Interview: Emily Dickson from Hampshire County Council

Fri 4th July 2014, 11:08 am

The Sitematch London team caught up with Emily Dickson, regeneration manager at Hampshire County Council, to discuss the opportunities for developers in her county.

Emily Dickson from Hampshire County Council

What are your responsibilities and duties at the council?

My role is to actively promote the economic opportunities in the region, both locally and to a wider audience. It is fair to say that my role is a flexible one, in that I support local authorities with major regeneration projects, helping to deliver key sites through project management support, co-ordinating the different elements from the delivery of the infrastructure to securing a lead developer. A vital part of the role is engaging with the private sector to help secure new premises and land and promoting our key sites to support economic growth in the region.

If an investor or developer is looking to develop sites in Hampshire, what types of sites are available?

The county council has developed a comprehensive portfolio of key commercial sites that are available for development, many with planning permission in place for a variety of uses. The key sites we are promoting on behalf of the landowners and agents are 15,000sq ft and above. We also have a list of sites that can be used for residential development in Hampshire and Surrey as well as the M3 corridor. Our list also includes details of opportunities around the cities of Portsmouth and Southampton in the Solent. The list will soon be made available on the Sitematch website. Hampshire is fortunate to have some large development sites that are capable of delivering thousands of new homes and commercial development, such as the Solent Enterprise Zone at Daedalus and the Welborne scheme in North Fareham, set to deliver up to 6,000 new homes.

Why should an investor or developer invest in Hampshire?

The regeneration potential of the two cities of Southampton and Portsmouth, supported by the shared City Deal will bring in millions of pounds of investment. The Solent LEP and the Enterprise M3 combined will be investing hundreds of millions of pounds into the Hampshire region over the medium term. Many of Hampshire’s towns are within an hours’ train journey to London Waterloo, and Basingstoke and Farnborough are around 30 to 40 minutes away. The quality of life in Hampshire is fabulous, with many CEOs relocating their families and businesses to Hampshire, which boasts the New Forest, the historic city of Winchester, with its fantastic state and private schools (Winchester College) and Winchester Cathedral; easy access to the beaches, including the Isle of Wight; quick access to the south west (Dorset, Devon and Cornwall), yet still within an hours’ commute to London. Major company presence in Hampshire includes B&Q, Zurich, IBM UK and Estee Lauder UK.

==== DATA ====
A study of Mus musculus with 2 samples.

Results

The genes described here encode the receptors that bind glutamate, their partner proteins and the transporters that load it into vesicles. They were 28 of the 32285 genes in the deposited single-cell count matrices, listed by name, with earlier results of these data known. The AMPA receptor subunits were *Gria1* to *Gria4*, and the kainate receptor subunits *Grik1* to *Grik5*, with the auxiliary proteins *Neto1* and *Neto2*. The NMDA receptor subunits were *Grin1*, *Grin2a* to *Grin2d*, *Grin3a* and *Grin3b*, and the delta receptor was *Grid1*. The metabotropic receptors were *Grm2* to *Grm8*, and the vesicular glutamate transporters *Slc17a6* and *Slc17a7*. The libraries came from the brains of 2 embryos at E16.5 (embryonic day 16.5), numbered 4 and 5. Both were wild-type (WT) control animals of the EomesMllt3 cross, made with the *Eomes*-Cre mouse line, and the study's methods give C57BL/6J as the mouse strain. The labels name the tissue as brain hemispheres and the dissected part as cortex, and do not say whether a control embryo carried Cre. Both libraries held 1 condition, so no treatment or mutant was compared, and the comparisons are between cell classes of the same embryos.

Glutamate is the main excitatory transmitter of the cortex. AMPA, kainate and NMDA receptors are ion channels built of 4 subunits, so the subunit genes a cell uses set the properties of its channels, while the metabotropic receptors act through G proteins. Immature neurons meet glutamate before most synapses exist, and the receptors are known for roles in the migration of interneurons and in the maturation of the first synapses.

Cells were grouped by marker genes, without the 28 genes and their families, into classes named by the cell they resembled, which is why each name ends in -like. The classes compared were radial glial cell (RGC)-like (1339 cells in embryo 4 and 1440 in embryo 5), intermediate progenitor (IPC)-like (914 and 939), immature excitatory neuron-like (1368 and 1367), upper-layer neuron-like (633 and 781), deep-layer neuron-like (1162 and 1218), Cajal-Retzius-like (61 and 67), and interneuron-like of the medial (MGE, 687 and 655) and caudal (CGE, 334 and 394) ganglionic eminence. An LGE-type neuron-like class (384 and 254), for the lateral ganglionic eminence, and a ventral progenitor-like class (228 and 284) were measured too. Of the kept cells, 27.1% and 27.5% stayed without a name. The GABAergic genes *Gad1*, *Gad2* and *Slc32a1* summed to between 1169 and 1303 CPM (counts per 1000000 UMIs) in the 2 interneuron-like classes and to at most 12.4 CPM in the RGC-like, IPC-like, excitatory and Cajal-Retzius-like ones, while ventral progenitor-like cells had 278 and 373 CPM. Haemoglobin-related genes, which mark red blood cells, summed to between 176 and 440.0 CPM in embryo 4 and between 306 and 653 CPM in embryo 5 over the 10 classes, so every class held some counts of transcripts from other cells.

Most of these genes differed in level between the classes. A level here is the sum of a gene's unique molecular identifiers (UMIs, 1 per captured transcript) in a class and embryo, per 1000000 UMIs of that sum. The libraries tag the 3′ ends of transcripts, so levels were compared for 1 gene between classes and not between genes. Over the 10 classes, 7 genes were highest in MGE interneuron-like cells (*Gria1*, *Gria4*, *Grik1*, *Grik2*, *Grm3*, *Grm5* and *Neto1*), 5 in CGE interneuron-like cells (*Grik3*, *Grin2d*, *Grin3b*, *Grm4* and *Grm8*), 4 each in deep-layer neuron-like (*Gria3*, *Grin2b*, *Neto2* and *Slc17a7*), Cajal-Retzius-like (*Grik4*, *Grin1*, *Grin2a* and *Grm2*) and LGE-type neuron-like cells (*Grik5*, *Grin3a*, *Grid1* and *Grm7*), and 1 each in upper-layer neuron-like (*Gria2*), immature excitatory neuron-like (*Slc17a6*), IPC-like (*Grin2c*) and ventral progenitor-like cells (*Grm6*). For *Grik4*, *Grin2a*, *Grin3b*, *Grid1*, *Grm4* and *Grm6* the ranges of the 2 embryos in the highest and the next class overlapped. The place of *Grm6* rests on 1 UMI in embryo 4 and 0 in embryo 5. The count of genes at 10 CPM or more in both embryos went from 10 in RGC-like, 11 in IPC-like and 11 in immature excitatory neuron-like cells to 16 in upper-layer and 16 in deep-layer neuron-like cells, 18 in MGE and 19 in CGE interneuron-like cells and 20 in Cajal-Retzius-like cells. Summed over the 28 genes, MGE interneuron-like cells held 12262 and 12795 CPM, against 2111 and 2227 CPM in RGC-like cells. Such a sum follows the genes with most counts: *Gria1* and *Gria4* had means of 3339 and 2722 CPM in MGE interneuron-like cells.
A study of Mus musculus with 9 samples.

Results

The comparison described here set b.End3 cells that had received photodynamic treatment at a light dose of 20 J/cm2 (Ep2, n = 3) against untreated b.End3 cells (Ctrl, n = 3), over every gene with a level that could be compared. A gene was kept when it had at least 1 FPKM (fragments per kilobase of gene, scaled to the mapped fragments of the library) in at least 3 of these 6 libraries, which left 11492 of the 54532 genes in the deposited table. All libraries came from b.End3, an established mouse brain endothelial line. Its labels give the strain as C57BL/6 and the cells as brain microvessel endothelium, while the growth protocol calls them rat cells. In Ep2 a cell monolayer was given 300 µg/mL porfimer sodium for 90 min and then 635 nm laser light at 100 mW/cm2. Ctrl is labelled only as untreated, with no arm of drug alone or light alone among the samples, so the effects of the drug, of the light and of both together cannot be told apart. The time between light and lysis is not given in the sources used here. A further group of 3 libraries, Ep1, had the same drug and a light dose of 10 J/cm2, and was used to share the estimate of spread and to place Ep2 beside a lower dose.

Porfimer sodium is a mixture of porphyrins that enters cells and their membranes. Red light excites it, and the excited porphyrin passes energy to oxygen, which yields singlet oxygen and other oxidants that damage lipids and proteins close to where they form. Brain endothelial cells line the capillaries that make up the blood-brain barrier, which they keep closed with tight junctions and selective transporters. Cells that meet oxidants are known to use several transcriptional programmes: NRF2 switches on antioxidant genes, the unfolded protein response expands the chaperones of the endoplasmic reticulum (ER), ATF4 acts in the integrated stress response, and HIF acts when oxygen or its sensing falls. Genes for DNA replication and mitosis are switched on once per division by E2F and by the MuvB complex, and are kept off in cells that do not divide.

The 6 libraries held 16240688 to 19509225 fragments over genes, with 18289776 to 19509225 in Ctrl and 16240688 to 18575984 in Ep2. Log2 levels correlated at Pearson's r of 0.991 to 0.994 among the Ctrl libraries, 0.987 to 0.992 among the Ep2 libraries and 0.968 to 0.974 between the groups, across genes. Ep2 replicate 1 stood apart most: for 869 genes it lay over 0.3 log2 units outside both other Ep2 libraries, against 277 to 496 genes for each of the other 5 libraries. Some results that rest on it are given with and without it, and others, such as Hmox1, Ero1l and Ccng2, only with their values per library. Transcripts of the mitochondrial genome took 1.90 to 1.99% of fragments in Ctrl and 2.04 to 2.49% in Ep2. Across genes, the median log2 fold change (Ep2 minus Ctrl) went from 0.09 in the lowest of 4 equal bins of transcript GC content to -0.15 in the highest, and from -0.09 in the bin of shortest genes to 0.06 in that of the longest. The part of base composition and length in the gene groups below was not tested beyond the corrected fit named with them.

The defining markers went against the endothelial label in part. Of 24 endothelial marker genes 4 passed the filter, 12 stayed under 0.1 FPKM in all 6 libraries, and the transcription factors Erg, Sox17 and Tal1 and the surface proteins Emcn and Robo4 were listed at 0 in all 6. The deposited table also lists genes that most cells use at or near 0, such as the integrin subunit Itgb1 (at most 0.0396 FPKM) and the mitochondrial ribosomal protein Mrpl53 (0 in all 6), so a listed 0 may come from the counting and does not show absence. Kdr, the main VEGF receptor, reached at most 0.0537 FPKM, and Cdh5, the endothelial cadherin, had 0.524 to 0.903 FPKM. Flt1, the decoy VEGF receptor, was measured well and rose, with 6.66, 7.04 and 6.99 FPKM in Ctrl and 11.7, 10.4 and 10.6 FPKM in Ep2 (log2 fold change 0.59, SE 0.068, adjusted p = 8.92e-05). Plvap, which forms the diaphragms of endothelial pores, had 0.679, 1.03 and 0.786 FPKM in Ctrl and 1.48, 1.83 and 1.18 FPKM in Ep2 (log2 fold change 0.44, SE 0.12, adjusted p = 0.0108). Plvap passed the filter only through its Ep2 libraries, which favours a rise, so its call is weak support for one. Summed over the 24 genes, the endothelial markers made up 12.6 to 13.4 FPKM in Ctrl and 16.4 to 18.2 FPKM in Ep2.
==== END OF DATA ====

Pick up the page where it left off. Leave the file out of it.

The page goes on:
What is Hampshire doing to make the borough more attractive to investors/developers?

We are helping to promote stronger sector propositions to potential occupiers, to take the offer beyond the real estate dimension to encompass talent, innovation, sector networks and other factors which influence business investment decisions. In addition, both the public and private sectors are investing in key infrastructure to make major sites viable for development and supporting high profile schemes that will help to secure further interest in the region. Hampshire County Council has helped to secure a site in Portsmouth with planning permission for the Ben Ainslie team’s campaign to host the America’s Cup in the UK and developers such as Hammerson are helping to extend the retail and leisure in Southampton with their latest Watermark Quay development. Private investment is being generated in Ocean Village and will include a new five star hotel.  

Which key developments are currently in the pipeline? Are there any specific sites that will be marketed soon?

The main regeneration project that I am involved in is the Solent Enterprise Zone on the south coast, which has had an injection of over £40 million of public investment into new infrastructure. The site is owned by the Homes and Communities Agency, who will be marketing the ‘Waterfront’ in the summer 2014, which is a fantastic opportunity for a developer for a largely commercial, mixed-use site which is positioned next to the seafront at Lee-on-the-Solent: (www.solentez.co.uk).

Muse is developing new commercial space in Basingstoke and has recently secured John Lewis at Home and Waitrose is also developing a large leisure park.  Other opportunities are Dunsbury Hill Farm in Havant, owned by Portsmouth City Council, which has outline planning permission that can accommodate B1, B2 and B8 and Whitehill and Bordon in east Hampshire and Welborne in north Fareham are potentially huge regeneration schemes for both employment, housing and community infrastructure.

Is Hampshire looking to promote specific development types?

Within my role I am promoting sites for commercial uses to help to secure sites for employment use or mixed-use schemes. However there are some key opportunities for residential development across Hampshire and we are also keen to support both marine and aerospace growth in the county, to reflect both the existing skills set and exploit the Solent location with Farnborough International Airport and Southampton Airport.